The South Wales section of the branch held its fourth training event of the year on 28-29th September at Hatterell Hill above Llanvihangel Crucorney. Eight beginners, one new member, and three instructors met outside the Skirrid Inn first thing and made their way to the site where they were greeted by our hosts with tea, coffee, and bacon sandwiches. There they also met the ninth beginner who had travelled from Pembrokeshire the previous day and stayed at the site overnight in a campervan. There was much gawping at the stunning views followed by a quick scope of the surrounding walls where a recent collapse of 6 or 7 meters would prove to be ideal for training purposes.
When breakfast was finished, new instructors David and Simon, under the keen eye of seasoned veteran John, gave a brief rundown of health and safety dos and don’ts, and what trainees could expect over the next two days. Then the trainees split into two groups and began stripping out the remaining wall, grading the stone, and preparing the ground for the footings. As they stripped out, it became apparent that some of the adjacent wall above the gap would also have to come down because it was riddled with vertical joints. Congratulations to new member Robert who took on the tricky job of making this section sound, tying the new wall into the existing stretch. A quick pit stop for more tea and coffee then the footings were maneuvered into place.
After some reminders of “1 on 2, 2 on 1”, “long is strong”, and “don’t forget to heart up” from David, Simon, and John, everyone quickly grasped the fundamentals and the first lift started to rise from the ground. Lunch was hearty soup, cake, and more lashings of tea, and a welcome respite to get out the rising wind. The decision was made to leave the branch gazebo up overnight, so it was firmly pegged and weighted down after lunch. Returning to the wall, the first lift was completed and the through stones positioned before calling it a day.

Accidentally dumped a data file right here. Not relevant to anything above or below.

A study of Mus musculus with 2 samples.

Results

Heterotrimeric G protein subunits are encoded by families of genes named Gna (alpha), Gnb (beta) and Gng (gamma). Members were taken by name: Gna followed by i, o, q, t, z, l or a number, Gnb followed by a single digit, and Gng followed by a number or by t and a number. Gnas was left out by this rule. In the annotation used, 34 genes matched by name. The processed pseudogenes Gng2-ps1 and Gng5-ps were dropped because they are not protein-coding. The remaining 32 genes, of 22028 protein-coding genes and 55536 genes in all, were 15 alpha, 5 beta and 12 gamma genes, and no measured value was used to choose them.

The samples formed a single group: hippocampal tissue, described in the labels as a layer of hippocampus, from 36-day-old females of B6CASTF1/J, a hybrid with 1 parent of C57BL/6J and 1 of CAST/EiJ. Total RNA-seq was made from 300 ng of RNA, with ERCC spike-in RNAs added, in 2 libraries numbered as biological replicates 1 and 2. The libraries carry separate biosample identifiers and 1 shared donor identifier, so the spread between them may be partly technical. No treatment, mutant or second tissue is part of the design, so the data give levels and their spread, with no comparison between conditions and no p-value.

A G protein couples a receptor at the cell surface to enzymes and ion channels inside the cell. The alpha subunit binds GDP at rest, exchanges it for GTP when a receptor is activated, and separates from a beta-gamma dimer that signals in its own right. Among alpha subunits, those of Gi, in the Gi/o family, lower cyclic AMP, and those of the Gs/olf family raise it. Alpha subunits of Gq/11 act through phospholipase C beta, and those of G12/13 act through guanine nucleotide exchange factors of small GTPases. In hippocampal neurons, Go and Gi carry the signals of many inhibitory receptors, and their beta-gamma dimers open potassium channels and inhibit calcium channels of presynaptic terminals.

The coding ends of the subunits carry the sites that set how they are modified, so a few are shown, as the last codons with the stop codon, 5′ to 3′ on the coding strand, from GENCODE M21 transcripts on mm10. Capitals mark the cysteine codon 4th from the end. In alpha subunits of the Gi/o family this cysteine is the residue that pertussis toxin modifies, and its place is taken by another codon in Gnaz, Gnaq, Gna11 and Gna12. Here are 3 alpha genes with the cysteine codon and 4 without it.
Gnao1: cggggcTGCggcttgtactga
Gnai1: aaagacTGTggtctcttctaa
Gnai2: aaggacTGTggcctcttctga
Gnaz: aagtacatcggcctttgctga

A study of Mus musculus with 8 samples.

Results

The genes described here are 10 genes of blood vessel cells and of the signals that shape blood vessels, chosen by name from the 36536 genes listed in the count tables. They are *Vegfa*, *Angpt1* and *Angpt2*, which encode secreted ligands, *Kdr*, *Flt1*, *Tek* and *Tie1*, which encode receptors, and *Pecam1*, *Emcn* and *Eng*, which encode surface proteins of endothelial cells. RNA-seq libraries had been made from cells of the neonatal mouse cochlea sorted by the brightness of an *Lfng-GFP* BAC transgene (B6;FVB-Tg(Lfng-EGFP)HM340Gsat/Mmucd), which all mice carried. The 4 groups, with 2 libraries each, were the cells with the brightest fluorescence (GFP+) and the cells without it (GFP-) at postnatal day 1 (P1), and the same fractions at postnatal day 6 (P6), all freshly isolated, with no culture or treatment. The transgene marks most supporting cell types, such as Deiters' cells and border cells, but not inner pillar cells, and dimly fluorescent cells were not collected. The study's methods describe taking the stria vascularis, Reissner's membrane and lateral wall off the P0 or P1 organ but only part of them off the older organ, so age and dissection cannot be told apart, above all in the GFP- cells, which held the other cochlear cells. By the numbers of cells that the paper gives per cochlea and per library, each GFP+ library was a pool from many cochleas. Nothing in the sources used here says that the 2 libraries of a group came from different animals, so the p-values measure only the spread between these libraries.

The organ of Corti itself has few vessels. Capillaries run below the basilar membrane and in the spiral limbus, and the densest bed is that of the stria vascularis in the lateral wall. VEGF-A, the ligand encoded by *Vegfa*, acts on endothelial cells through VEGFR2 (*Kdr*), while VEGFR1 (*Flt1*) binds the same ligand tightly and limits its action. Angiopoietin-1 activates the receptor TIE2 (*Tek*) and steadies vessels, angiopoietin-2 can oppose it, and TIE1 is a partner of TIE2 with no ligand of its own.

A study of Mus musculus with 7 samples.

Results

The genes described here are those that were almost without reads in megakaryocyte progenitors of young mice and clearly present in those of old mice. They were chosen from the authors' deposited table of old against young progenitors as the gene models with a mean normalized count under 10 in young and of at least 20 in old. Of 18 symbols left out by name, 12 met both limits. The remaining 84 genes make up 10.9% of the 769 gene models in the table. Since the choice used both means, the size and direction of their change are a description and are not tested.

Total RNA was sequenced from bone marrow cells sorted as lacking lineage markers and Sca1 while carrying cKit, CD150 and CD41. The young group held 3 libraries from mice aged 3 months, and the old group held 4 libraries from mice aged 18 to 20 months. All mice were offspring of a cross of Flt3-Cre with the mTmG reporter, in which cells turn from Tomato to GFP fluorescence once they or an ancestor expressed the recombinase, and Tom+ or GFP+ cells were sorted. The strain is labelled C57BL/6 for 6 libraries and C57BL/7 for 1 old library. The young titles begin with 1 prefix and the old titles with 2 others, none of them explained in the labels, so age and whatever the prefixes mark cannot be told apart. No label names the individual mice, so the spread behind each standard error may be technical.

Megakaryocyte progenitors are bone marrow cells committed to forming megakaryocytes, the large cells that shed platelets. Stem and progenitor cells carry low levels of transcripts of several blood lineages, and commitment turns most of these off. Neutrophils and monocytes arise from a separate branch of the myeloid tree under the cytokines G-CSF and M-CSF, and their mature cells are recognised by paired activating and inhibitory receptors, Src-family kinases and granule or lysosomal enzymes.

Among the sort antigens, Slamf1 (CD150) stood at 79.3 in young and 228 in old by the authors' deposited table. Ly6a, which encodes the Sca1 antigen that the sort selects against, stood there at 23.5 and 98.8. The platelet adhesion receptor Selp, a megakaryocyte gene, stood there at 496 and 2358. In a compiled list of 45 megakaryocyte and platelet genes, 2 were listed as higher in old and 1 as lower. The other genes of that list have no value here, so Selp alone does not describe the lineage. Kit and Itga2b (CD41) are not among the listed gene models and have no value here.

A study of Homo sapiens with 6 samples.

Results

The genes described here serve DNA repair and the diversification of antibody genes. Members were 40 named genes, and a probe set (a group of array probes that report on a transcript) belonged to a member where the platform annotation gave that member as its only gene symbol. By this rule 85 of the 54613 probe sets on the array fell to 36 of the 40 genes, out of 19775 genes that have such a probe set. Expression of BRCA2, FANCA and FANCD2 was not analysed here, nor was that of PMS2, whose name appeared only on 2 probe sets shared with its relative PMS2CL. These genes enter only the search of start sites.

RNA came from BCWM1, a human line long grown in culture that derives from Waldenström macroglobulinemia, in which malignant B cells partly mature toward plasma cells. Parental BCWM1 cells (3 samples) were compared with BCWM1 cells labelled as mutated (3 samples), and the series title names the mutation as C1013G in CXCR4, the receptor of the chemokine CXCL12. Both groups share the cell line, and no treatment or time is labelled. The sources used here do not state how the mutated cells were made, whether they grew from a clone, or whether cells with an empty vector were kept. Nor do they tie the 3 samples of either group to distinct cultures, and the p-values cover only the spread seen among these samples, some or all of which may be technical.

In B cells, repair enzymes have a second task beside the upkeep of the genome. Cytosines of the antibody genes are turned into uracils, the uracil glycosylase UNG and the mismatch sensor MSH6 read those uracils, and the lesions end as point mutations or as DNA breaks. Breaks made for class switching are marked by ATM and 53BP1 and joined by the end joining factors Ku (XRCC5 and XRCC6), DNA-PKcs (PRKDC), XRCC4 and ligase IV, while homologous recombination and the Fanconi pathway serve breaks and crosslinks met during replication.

Day 2 began with all the trainees returning bar one and the group making their way again from the Skirrid Inn up to the site. Thankfully, the gazebo had survived the overnight winds, and after another breakfast of champions from our hosts, the trainees started on the second lift. The weather worsened somewhat during the morning and it became coats-on-coats-off for a few hours, although the sun did break through around lunchtime. Simon and David gave a reminder of the basic principles and everyone got to grips with using the smaller stone. With the occasional cry of “heart up” the second lift flew up. By lunchtime (baked potatoes, vegetable chili, and more cake) the wall was only a few inches below final height. During lunch, the gazebo was dismantled and put away, having admirably served its purpose yet again. With full bellies, the top of the wall was completed. After much searching cope stones were found that would span the width of the wall and the new stretch fully coped. There was just enough remaining stone to rubble cope part of rebuilt existing wall before the view was admired for one last time, the tools were gathered, and our kind hosts thanked for their hospitality.